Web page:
Unheard cut of 20-year-old forgotten interview with ‘Banksy’ appears to confirm his name

A 20-year-old BBC interview with a man claiming to be street artist Banksy has been unearthed, apparently confirming his name. 

However, there are still doubts about whether the name is genuine or if it was an alias. 

In the audio, the man is asked if his name is Robert Banks, to which he says “it’s Robbie”. 

It was recorded by Nigel Wrench in 2003 before the opening of Banksy’s exhibition Turf War. 

Wrench dug up the recording after listening to a BBC podcast The Banksy Story and played it for host James Peak. 

Peak then recorded a bonus episode of the 10-part series, which was published on the BBC Sounds website yesterday. 

Who is Banksy?

That’s always been a mystery, but there’s been speculation his name could be a variation of Rob Banks. 

If the person in the audio recording is really the artist and telling the truth,  that theory may be true. 

Here’s the exchange, as recorded by Nigel Wrench in 2003:

Wrench: “Are you happy for me to use your name? I mean, the Independent has.”

Interviewee: “Yeah.”

Wrench: “Is it Robert Banks?”

Interviewee: “It’s Robbie.”

A graffiti image of a person in a gas mask

A mural on a building in the Ukrainian town of Hostomel, which was heavily damaged by fighting in the early days of Russian invasion, appeared a year ago. (Reuters: Gleb Garanich)

Is Banksy’s name really Robbie Banks?

We can’t be sure. 

“Banksy gave me permission 20 years ago to use a name — no one has ever contacted me from the Banksy empire, no one ever contradicted that,” Wrench says in the podcast. 

However, it’s important to point out that Rob Banks does sound like the punchline to a Christmas bon bon joke about a thief who stole money from a bank. 

So, of course, there’s speculation that this name is actually an alias.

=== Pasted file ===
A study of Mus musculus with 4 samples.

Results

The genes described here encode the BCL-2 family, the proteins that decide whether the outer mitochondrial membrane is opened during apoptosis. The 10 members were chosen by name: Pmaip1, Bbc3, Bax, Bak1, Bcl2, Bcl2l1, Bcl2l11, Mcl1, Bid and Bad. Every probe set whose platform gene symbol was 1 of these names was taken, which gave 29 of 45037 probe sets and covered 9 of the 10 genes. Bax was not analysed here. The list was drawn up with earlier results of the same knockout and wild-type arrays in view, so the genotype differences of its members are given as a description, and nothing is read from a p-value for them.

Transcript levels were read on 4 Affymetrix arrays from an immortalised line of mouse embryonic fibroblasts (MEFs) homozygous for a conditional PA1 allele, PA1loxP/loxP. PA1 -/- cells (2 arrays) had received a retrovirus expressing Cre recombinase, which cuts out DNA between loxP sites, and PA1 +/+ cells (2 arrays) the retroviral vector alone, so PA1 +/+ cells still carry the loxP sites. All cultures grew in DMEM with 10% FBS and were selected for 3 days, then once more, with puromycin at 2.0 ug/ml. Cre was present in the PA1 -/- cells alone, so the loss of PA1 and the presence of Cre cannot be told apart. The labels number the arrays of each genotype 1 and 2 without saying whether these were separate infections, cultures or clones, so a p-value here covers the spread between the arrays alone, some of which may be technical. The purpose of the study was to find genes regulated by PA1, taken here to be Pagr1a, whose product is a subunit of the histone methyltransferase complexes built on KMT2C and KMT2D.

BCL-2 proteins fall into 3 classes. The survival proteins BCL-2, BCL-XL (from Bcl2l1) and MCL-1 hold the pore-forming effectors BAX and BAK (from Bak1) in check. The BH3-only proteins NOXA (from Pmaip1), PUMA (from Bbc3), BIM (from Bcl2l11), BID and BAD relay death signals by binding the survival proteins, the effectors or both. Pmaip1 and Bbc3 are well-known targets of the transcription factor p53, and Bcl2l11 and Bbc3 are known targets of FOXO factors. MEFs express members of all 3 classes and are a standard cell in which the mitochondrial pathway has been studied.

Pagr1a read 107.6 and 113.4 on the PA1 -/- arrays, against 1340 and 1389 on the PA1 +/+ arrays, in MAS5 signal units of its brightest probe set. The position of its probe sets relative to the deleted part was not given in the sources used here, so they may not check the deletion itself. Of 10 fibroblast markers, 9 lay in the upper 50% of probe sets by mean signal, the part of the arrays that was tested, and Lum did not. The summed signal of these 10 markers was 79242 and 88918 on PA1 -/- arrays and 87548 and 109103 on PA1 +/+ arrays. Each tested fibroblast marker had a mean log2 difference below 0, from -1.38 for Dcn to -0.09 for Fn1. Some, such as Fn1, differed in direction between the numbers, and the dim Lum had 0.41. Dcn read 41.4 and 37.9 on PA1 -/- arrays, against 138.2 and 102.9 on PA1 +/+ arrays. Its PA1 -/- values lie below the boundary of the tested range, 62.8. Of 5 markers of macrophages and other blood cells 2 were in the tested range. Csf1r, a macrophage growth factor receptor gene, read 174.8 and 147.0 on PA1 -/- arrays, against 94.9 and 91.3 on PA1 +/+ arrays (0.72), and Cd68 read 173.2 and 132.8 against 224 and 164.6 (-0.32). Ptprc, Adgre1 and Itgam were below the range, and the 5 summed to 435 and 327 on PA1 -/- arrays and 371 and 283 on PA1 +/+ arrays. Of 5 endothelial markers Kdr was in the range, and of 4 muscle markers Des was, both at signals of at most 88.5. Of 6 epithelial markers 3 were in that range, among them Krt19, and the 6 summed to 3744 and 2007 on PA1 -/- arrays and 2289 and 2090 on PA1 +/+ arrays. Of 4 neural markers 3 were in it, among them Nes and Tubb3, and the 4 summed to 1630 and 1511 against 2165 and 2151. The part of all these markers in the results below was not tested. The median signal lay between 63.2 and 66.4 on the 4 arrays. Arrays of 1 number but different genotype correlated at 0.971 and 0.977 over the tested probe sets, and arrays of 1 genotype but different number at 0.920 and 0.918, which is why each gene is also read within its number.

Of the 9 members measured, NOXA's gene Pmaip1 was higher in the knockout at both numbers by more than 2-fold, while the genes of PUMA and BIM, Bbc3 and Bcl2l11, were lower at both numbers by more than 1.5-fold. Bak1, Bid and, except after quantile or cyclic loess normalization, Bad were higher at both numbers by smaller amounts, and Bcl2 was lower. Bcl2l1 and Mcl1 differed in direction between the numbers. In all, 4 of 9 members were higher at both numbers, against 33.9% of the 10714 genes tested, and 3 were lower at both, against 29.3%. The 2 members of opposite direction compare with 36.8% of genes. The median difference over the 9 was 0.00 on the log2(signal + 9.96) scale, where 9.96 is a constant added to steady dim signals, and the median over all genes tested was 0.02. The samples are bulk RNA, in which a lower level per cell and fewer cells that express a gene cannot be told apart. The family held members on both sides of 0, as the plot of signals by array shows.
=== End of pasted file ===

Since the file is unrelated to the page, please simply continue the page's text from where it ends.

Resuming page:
Especially because the idea of nicking cash from a profit-driven financial institution speaks to the anti-establishment, somewhat anarchical vibe of Banksy’s work.

And, later in the interview with Wrench when he explains why he isn’t going to the opening of the art show, the supposed artist seems mindful of creating mystique:

“If you never show up and people don’t know who you are, then you’re a character, aren’t you really?

“And you can mean different things to different people.”

Peak played the interview to Steph Warren, who agreed to be interviewed by Peak about working in Banksy’s print house Pictures on Walls in the early 2000s. 

Warren, was a key figure in the podcast series.

She tells Peak the recording made her “miss” the artist, but wouldn’t confirm or deny if it was actually the artist’s voice. 

Peak: “Do you think he is really called ‘Robbie Banks’?”

Warren: “Robbie Banks? Do you think he is really called Robbie Banks? Rob Banks?”

[chatter]

Peak: “As in, it’s a silly pun?”

Warren: “It’s a clever pun, isn’t it?”

He goes on to ask her if she’d say that his name isn’t Robbie Banks, to which she replies “I would never say that”. 

However, Wrench seems to be convinced.

“If it wasn’t his real name, why didn’t he just go ‘yes, it’s Robert Banks’?”

What does Banksy look like?

“I don’t remember,” Wrench says. 

“He was a young bloke in a hoodie.”

What was Banksy like?

Wrench says he was “incredibly relaxed”. 

In the 2003 interview, the man is asked about street art, putting it to him that, if it’s vandalism, it’s illegal. 

“If it’s done properly, it is illegal,” he says. 

“I just think it’s my right to go out and paint it and it’s equally somebody else’s right to go and paint over it if they don’t like it.”

Where can I listen to The Banksy Story?

The whole series is available on the BBC Sounds website, where it was first published earlier this year. 

The bonus episode, called the Lost Banksy Interview, is also available online.